Health Canada has determined that Glyphosate is not a concern to human health or the environment when used according to the label.
The findings were published in the agency's final re-evaluation on the product.
Glyphosate, marketed under brand names such as Roundup and Vision, is a common herbicide that is used to control weeds.
It is registered for use in a wide variety of settings, including agriculture, forestry, and home gardens and patios.
Glyphosate is used both commercially and by homeowners.
Based on this re-evaluation, Health Canada will continue the registration of products that contain glyphosate, but will require updates to the product labels to help provide additional protection to humans and the environment.
By April 2019, manufacturers will be required to ensure that all commercial labels on pesticides containing glyphosate include the following:
A statement indicating that re-entry into the sprayed areas should be restricted to 12 hours after application in agricultural areas where glyphosate products were used.
-A statement indicating that the product is to be applied only when the potential to spread to areas of human activity, such as houses, cottages, schools and recreational areas, is minimal.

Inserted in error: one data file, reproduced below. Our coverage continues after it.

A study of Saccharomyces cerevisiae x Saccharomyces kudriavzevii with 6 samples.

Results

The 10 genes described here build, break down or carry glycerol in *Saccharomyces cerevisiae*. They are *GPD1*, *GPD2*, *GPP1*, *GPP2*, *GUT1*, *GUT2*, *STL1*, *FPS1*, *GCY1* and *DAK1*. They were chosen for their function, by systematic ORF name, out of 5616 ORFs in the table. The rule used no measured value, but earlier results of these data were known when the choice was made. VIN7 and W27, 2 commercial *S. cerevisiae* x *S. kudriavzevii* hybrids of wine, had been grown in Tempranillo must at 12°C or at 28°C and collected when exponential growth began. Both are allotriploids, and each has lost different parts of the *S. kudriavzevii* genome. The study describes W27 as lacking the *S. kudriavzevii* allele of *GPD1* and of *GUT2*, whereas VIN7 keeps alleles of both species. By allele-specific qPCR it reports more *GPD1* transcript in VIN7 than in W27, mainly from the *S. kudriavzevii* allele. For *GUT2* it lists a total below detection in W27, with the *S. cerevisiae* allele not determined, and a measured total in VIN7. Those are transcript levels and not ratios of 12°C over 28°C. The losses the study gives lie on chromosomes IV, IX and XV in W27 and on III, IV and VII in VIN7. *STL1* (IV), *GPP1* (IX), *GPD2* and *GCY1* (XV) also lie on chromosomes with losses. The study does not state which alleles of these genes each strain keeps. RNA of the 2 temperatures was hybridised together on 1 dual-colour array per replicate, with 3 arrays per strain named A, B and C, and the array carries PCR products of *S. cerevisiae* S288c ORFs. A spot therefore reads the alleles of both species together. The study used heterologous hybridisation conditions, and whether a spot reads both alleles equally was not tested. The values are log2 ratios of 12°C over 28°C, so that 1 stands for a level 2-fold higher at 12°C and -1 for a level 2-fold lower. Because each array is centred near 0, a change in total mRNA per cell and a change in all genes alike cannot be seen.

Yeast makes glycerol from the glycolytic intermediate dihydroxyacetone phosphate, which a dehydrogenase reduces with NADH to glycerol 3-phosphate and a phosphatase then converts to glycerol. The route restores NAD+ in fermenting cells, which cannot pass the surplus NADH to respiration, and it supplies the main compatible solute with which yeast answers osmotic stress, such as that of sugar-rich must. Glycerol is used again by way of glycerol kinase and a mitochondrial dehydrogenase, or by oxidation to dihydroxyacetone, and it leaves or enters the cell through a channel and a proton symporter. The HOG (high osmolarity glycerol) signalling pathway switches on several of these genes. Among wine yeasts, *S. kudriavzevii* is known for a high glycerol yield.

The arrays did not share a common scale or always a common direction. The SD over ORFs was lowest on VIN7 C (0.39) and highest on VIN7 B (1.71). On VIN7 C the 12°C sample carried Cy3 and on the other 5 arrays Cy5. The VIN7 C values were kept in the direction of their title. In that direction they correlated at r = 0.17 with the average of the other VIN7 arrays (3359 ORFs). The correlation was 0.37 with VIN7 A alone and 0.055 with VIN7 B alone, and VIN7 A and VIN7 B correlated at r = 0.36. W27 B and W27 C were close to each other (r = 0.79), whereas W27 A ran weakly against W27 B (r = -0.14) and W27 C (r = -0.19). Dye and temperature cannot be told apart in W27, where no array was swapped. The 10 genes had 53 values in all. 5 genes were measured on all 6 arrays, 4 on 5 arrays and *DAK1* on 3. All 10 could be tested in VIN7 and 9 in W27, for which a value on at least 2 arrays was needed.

-Instructions for spray buffer zones to protect non-targeted areas and aquatic habitats from unintended exposure.
-Precautionary statements to reduce the potential for runoff of glyphosate into aquatic areas.
For individuals using any pesticides around the home, Health Canada advises Canadians to:
-Use only pesticides that have been approved in Canada, which can be identified by the Pest Control Product or PCP registration number on the main portion of the label.
-Be familiar with the proper handling and application procedures.
-Always read the label carefully to make sure you are choosing the right product for the right situation, and follow all safety precautions on the label carefully.
Health Canada will continue to monitor research on potential impacts of glyphosate products to ensure the safety and security of Canadians and the environment. The Department is committed to working closely with its international counterparts on evidence-based approaches to pesticide regulations.